How To Use This Site

How To Use This Site

This blog was updated on a daily basis for about two years, with those daily entries ceasing on December 31, 2013. The blog is still active, however, and we hope that people stopping in, who find something lacking, will add to the daily entries.

The blog still receives new posts as well, but now it receives them on items of Wyoming history. That has always been a feature of the blog, but Wyoming's history is rich and there are many items that are not fully covered here, if covered at all. Over time, we hope to remedy that.

You can obtain an entire month's listings by hitting on the appropriate month below, or an individual day by hitting on that calendar date.

We hope you enjoy this site.

Saturday, May 18, 2013

May 18

1846         American troops capture Matamoros.

1868   Fort Morgan Colorado is abandoned.  It's garrison is transferred to Fort Laramie.

1874  Captain F. Van Vliet, Company C, 3rd Cavalry, who was, at that time stationed at Ft. Fetterman, Wyoming,  wrote the Adjutant General requesting that his company be transferred because there was " opportunity for procuring fresh vegetables, and gardens are a failure. There is no female society for enlisted men...the enlisted men of the company are leaving very much dissatisfied, as they look upon being held so long at this post as an unmerited punishment...whenever men get to the railroad there are some desertions caused by dread of returning to this post..."

Ft. Fetterman was a hardship post and had the highest rate of insanity in the Frontier Army.  Attribution on quote:  On This Day.

1882.  Ft. Sanders, near Laramie, abandoned.  By this point in time those forts built principally to defend the Union Pacific railroad were no longer needed for multiple reasons, one being the ability of the railroad to transport troops.

1887  Cornerstone laid for State Capitol:  Attribution:  On This Day.

State Capitol circa 1950s

1898  Wyoming volunteers for service in the Philippines boarded train for San Francisco.  Attribution:  On This Day.

1898    Troop L, 2nd U.S. Vol Cav, made up of men from around Evanston and Kemmerer mustered into the United States service.  Robert A. Hocker commissioned captain; Edgar D. Shurtliff, first lieutenant; Thomas W. Davies, second lieutenant. The non-commissioned officers were: Charles E. Davis, first sergeant; George Ellis, quartermaster sergeant; Frederick Richardson, Charles Dempsey, A. C. B. Lauder, Lewis C. Marx, Martin J. Cleary and Harry Shepherd, sergeants; Henry B. Dexter, William H. Evans, Henry N. Laskey. Sylvester Whalen, Curtis Durnford, Thomas Fife. Charles F. Coggle and James Walton, corporals; William Morrow, trumpeter; William T. Lane and William R. Welch, farriers; John L. Lee, saddler; Edward C. Sims, wagoner.  Troopers–Harold R. Aniens, Case Bennett, Charles S. Beveridge, John B. Dowdige, William J. L. Carpenter, John C. Christensen, Thomas Cook, William Cook, Ralph Crumbaugh. William P. Darby, Byron C. DeLano, Norman E. Dempsey, George DeVore, Samuel J. Dickey, James Eardley. Dell GeHove, Clarence E. Gimmer, Arthur Goodman, Frank Hall, William P. Hartzell. Clarence Johnson, Joseph Johnson, Peter J. Johnson, Walter M. Johnston. Jonathan Jones, Jr., Frank Kennedy, Henry Lanstring, ClilTord W. Long, Hiram Loveday, Garrett Lowham, Joseph Lowham, William R. Lush, Lewis W. McCarl, Orin McRea, James O. Mansfield, Orson Mathews, William T. Moore, Olaf Naster, Andrew Niemela, Harry Nye, E. Perkins, Glen J. Purdy, Orin Oueal, Arthur L. Quinn, Tohn Reed, Reuben A. Robinson, Henry Scharff', John Simpson, Charles H. Smith, Samuel Stover, Calvin E. Sturm, Jesse M. Taylor, James R. Tennant, Ernest Weeks, Joseph Wilkinson.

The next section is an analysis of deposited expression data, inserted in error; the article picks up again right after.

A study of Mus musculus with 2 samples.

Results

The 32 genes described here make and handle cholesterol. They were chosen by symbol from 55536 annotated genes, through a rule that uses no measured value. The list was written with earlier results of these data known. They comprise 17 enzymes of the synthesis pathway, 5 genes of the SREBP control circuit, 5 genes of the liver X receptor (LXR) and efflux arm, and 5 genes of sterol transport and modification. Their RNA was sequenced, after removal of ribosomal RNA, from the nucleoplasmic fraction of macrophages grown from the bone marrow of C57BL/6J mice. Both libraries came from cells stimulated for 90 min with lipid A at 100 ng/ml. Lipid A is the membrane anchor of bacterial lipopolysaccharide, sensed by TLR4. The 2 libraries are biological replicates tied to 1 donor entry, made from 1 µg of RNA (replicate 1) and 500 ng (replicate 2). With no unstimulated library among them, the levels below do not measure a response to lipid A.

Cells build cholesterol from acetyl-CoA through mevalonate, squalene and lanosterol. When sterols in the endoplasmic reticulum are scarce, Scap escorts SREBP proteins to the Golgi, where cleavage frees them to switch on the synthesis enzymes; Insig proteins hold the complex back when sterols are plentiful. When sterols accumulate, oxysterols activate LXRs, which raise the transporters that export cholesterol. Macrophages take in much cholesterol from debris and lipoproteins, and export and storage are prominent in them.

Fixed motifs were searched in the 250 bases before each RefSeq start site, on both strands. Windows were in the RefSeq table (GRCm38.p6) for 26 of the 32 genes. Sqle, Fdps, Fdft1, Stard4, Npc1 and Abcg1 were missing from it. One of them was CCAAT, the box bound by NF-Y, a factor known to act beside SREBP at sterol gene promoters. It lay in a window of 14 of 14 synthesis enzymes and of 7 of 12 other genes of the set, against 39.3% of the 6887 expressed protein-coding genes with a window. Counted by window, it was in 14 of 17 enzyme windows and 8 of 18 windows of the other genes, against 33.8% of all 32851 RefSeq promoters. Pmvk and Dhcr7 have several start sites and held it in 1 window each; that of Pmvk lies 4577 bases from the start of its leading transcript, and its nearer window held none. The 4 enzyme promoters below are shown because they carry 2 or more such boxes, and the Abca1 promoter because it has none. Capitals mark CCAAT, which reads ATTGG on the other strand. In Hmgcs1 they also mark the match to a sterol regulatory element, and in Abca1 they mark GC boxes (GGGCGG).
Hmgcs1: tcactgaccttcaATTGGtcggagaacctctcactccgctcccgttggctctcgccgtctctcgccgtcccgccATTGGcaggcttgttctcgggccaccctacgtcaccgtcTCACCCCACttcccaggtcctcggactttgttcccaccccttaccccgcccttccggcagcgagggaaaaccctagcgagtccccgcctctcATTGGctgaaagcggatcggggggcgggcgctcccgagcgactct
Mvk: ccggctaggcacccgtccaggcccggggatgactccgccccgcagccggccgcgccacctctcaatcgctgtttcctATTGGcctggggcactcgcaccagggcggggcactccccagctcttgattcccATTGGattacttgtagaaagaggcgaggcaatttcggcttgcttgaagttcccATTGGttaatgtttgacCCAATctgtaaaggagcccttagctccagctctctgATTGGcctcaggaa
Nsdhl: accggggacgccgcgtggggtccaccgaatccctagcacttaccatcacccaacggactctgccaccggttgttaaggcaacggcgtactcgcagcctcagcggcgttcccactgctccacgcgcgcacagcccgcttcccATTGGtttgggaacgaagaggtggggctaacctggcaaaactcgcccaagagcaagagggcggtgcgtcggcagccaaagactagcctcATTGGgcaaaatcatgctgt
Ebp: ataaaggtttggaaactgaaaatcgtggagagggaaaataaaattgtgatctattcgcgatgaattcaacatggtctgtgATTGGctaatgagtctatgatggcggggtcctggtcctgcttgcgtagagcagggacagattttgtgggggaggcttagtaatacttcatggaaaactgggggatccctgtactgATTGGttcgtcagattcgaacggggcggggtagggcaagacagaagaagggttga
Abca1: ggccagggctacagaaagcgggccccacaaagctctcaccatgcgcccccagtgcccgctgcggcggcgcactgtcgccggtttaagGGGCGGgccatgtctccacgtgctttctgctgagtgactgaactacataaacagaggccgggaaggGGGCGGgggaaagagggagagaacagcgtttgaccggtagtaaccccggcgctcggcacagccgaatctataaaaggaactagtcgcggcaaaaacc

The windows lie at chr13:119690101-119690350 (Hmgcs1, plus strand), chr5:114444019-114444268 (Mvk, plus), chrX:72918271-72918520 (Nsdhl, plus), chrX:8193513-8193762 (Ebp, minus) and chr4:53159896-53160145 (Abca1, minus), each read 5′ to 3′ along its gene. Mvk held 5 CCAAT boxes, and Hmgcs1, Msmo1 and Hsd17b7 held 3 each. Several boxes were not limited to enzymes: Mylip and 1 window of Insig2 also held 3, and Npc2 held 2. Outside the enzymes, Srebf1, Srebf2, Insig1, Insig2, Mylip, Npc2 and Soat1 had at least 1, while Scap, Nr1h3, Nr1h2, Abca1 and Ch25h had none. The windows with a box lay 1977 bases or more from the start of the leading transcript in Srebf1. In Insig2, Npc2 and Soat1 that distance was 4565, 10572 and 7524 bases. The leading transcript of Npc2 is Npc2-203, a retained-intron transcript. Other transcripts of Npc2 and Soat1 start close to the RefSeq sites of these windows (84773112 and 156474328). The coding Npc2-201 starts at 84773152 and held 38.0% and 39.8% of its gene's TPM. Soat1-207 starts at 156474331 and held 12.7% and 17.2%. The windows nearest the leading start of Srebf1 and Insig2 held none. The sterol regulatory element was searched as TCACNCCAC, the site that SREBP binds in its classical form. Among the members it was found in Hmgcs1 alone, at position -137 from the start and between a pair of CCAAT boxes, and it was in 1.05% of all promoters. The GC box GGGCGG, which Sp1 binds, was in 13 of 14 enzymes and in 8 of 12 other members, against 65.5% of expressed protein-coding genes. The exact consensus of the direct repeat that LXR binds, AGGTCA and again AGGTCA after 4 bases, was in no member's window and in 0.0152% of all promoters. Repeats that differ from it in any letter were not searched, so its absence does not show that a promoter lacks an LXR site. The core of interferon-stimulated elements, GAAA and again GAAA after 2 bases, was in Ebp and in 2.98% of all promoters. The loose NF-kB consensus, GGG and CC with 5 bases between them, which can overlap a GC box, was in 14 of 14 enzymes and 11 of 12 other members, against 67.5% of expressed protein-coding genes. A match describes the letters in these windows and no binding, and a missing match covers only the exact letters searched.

1909  During this week, in 1909, the local Casper newspaper reported:
"Ed Gill ... Skips Out and Leaves His Sick Wife.

"Ed Gill, the fakir, dead-beat and all 'round scallawag, who inflicted the citizens of Casper several years with his presence ... and who later joined Bill Cody's Wild West show, ... was married to a young lady at Scranton, Pa., about the first of the year, and last week, after raising a $10 check to $100, ... left his sick wife with numerous unpaid bills. ... (H)e met a great many tenderfeet in the east, and he told them a great cock-and-bull story of how he was a real live sheriff in Wyoming. ... (T)he only time he was sheriff was in his fertile brain when he was guzzling booze. ... His wife writes a most pitiful letter to the TRIBUNE, asking that we assist her to locate him. ... But when, if ever, the wife knows him as well as do the people of Casper, she will be tickled half to death that he has gone. ... He is not fit for any woman to waste tears over."
Seems that not everyone in the Wild West Show was a sterling character.

1911         Porfirio Diaz flees to Paris with gold and mistresses.

1917  The U.S. Congress passed the Selective Service act allowing for the conscription of soldiers.

Congress Passes the Selective Service Act of 1917 and the Wyoming Guard gets the word
On this day, in 1917, Congress passed, finally, a much debated selective service act, ushering in a new era of "the draft".

The bill passed was massive and covered a plethora of topics.

At the same time, the mobilized and mobilizing Wyoming National Guard got the news that it would be taken into Federal service in July.

The odd thing about this is that the National Guard in Wyoming, and pretty much everywhere else, had been called out just as soon as war was declared.  But the government did not Federalize it right away.  Another example of how things were quite a bit different in World War One as compared to World War Two.
1933     The Tennessee Valley Authority was created.